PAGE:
The best advice for making monthly payments on a loan or credit card is not to be late. Of course, life sometimes gets in the way. No one knew there’d be a global pandemic when they used that loan payment calculator to make sure the monthly payments were affordable. 2020 was a good example of “anything can happen.”

The worst of that is over, but economic circumstances continue to be challenging. For many people, late payments are a reality they need to face. It’s important to understand how being late impacts a person’s credit score and personal credit history. They might also want to review their options to ensure they don’t happen again.

The impact of missed payments on credit scores

FICO scores are calculated using several variables that measure how much of a risk a person is to lenders. One of those is called “payment history.” It’s worth 35% of the overall credit score. When a person misses a payment or makes a payment late, that portion of their score goes down and stays down for several months until they can show multiple on-time payments in a row.

In most cases, lenders report to the credit bureaus every thirty days, so a payment that is late by a few days may not affect a person’s credit score at all. Any payment over thirty days late is considered “missed” and could drop a credit score anywhere from 90 to 110 points, depending on the payment amount. The type of account doesn’t matter.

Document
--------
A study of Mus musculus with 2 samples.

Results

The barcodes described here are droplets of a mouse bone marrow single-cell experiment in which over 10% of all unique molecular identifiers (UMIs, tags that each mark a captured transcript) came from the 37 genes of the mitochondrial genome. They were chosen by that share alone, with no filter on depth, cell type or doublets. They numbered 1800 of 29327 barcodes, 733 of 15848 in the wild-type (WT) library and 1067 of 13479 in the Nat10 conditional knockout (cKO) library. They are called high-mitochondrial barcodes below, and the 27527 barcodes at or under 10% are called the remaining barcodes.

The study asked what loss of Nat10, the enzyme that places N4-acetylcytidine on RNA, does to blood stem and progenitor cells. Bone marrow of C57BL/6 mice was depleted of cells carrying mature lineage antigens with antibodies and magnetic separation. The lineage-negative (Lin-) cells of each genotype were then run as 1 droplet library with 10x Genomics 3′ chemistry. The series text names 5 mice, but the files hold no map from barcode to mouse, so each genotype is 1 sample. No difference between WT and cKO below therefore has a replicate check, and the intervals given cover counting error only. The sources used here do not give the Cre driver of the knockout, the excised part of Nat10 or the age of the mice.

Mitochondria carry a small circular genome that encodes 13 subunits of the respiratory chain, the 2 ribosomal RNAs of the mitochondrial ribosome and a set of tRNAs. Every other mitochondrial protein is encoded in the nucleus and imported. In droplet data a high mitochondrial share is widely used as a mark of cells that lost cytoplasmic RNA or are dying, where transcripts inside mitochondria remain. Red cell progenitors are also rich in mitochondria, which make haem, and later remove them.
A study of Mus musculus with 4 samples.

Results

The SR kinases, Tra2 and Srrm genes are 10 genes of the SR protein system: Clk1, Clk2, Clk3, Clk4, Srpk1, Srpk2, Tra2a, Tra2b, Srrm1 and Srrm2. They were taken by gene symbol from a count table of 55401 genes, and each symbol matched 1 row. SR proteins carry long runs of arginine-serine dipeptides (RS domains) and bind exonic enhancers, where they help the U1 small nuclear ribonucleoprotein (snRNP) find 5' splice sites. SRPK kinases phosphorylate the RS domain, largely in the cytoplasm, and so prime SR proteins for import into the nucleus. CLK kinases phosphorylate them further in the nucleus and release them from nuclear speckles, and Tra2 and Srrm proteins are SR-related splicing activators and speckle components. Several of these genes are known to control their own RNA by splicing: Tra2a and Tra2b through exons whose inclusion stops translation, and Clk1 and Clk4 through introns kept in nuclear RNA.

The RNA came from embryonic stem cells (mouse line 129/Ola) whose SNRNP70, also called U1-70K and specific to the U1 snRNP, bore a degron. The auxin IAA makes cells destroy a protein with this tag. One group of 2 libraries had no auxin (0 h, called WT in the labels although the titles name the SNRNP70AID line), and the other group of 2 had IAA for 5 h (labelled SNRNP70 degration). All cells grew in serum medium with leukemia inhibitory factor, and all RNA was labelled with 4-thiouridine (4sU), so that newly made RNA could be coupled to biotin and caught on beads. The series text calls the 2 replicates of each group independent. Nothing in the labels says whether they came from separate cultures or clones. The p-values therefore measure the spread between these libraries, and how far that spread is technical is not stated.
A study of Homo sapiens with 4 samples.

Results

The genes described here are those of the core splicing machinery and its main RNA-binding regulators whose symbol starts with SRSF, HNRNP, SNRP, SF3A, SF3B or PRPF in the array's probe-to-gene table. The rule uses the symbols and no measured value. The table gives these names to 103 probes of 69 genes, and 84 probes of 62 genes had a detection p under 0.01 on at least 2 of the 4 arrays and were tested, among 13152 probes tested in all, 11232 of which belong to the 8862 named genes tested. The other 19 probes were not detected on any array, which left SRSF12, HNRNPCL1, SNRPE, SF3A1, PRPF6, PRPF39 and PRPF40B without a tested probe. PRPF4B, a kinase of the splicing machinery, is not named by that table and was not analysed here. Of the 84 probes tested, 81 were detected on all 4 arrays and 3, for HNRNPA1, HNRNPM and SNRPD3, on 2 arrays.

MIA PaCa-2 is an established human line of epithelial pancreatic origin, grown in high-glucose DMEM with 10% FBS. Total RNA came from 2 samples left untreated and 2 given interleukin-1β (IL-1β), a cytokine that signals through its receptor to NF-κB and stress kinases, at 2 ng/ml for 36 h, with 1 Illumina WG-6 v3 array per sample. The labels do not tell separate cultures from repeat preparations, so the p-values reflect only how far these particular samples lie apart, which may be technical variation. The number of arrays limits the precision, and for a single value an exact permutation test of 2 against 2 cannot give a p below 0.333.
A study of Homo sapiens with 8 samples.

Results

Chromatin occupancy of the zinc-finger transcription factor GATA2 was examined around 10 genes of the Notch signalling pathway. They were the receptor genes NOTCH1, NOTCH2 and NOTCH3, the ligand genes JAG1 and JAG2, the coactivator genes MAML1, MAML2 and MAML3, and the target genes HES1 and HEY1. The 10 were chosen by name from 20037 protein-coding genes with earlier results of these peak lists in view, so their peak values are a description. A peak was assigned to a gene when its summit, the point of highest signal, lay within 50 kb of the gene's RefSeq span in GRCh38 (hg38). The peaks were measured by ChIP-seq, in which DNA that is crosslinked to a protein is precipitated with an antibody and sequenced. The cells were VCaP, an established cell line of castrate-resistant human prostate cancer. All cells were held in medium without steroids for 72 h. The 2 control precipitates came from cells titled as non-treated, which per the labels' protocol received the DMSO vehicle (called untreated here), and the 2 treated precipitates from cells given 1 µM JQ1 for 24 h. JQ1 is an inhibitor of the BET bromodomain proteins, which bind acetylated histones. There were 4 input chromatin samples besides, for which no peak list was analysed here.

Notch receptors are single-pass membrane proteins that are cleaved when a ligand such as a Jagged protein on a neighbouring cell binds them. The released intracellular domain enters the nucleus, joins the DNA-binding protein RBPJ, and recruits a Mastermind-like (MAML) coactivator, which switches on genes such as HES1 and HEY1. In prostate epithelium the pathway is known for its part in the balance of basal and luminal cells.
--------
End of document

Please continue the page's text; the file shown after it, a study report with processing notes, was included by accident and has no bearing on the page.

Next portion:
Missed payments stay on a credit report for up to seven years. They’re not something to be taken lightly. A borrower’s credit score will increase gradually during that time, but it’s unlikely they’ll reach the level they were before the missed payment until several years have passed. Missing multiple payments could also lead to defaults and legal actions.

Being proactive to prevent missed payments

Missed payments aren’t always due to bad financial circumstances. Some consumers fail to make payments on time when they simply “forget” that they’re due. This is common with short-term payment plans from finance companies and retail credit cards that are used infrequently. It can be eliminated by automating monthly payments.

If payments are likely missed because funding is unavailable, contact the lender or credit card company and ask for refinancing or a deferment. A debt consolidation loan is also an option in extreme circumstances where the financial situation is unlikely to change. Most lenders will be willing to work with borrowers if they’re proactive before they miss a payment.

The Bottom Line

There’s no magic bullet to get out of making monthly payments on time. It’s important to automate them so one is not missed by mistake. A borrower should be proactive and contact the lender if they know they won’t have the money to cover a payment. If financial issues are long-term, they can apply for a debt consolidation loan to ease the burden on their monthly budget. Failing to do any of this will cause missed payments to affect their credit score negatively.